Pick Your Battles and Fight Them Wisely
How professionals are protecting the interest of investors
Investors treat the unicorn – a startup that is valued at over $1 billion – much like many people did the Pokémon several years ago. Everyone is looking for one, and wants one early enough for a big bite of the rainbow that follows it. Unfortunately, this obsession for unicorns has blinded some investors, causing them to ignore potential issues, and thus putting themselves and their finances in a bad place. A recent example is the unraveling of Theranos, a health technology company founded in 2003, which eventually raised more than US$700 million from venture capitalists and private investors, many of whom were sophisticated veterans. Theranos, which was valued at US$10 billion during its peak, was eventually found out to have made misleading and downright false claims about its blood testing technology. On top of that, investigations revealed that the technology never really existed from the beginning, leading to legal and commercial challenges from medical authorities, investors, and partners. By 2018, the company was close to bankrupt. Theranos founders are currently embroiled in several US federal lawsuits; its investors left with over US$750 million sunk into what is effectively a dead company with a non-existent product. Although a fiasco in the scale of Theranos is uncommon, the reality of its recurrence looms, begging the question of investors’ commitment to protecting people’s money.
An Eye on the Leaders
“We’ve seen many companies with a leadership team boasting stellar resumes and experience backgrounds, but their expertise and experience don’t fit the product and company they’re trying to build,” explains Mr. Kelvin Lee ( below), co-founder and CEO of Fundnel. “If a company does not have the relevant expertise and experience, we are much more hesitant to approve them regardless of how much experience they’ve clocked elsewhere.” Private investment platform Fundnel has achieved a total deal origination value of US$100 million with 25 transactions completed to date. While it does not directly invest in the companies on their platform, it has analyzed more than 2,300 companies and facilitated deals ranging from brick-and-mortar businesses to tech companies and, even venture capitalist funds. When evaluating potential opportunities, Fundnel takes over 130 possible data points into account to determine funding viability. This covers a massive amount of topics, but while financial data such as revenue, EBITDA and net profit give clear signs on whether a company can support its current burn-rate and potential financial wellbeing, the importance of the founding team cannot be overstated.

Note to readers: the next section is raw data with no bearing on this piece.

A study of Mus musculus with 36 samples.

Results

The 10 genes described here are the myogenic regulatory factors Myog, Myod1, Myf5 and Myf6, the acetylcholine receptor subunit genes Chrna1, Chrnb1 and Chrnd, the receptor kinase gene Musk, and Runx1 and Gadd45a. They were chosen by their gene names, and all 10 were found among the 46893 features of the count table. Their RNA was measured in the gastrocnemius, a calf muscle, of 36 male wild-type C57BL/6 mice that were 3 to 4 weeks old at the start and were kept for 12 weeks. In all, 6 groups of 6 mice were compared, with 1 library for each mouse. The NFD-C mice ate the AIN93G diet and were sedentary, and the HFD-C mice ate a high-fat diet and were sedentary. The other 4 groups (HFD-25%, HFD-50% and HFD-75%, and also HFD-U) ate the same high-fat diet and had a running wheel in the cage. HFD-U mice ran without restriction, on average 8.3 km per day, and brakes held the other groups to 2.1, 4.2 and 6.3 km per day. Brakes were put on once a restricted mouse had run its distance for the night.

This train of thought is echoed by
Mr. Tiang Lim Foo ( left), partner at SeedPlus, an early stage Venture Capitalist based in Singapore and focused on fintech, insuretech, marketplaces and automation. Operating since early 2016, SeedPlus has around 14 portfolio companies around Southeast Asia at the moment. When evaluating a potential investment, Mr. Tiang finds himself asking three Whys: ‘Why this market?’, ‘Why now?’, and ‘Why you?’. The first two are fairly straightforward to answer with market and timing analysis; however, the intangibles of the human dimension are difficult to grasp and to quantify. Mr. Tiang says: “What makes you and your team special? This is the most difficult to assess, as it’s incredibly difficult to truly get to know a person within a few meetings.” He picks up signals such as how open the individual is to feedback, how they handle stressful situations, and if they are intellectually honest, among other factors. To Mr. Alex Crompton ( right), managing director of Entrepreneur First (EF) Singapore, the founders too are important success factors in an early stage investment. Having helped over 500 individuals build over 120 companies with a total valuation of over US$1 billion, EF focuses on the size of the ambition and the desire to build a globally important company.
Mr. Crompton’s approach is a little more involved on an individual level. “Every investor has their own due diligence responsibilities and compliance processes. At the earlier stages, we spend lots of time with the founders to assess their character – almost always we invest before there is a product or even a customer. At the later stages, metrics exist and therefore become more important to verify.” Founders are very important that EF’s exit strategy is tied to them, as Mr. Crompton explains. “We usually only exit when the founders exit. Aligned incentives are the only way to attract great founders in the long run, and that’s why we want to back them all the way.”
Evaluate Human Factors
Mr. Tiang adds that, “No matter how wealthy, smart or sophisticated an investor is, we have to acknowledge that we are human and are still motivated by emotional biases. Greed and fear are very powerful motivators and if not recognized could lead to very bad decision making. The best form of security, therefore, is to try our best to make the best judgment possible, without being driven by FOMO (Fear Of Missing Out.)” Similarly, Mr. Lee tells us that all applicants must pass stringent evaluation checks and screening to ensure only the best companies are made available as investment opportunities to their investor network – with approximately only 8 per cent of these applications eventually being selected for a fundraising opportunity. First recorded in 1978, the famous words of Kenny Rogers still ring true today, “You’ve got to know when to hold ‘em, know when to fold ‘em, know when to walk away, and know when to run.” Though one might add, that picking which table to sit at, is equally important.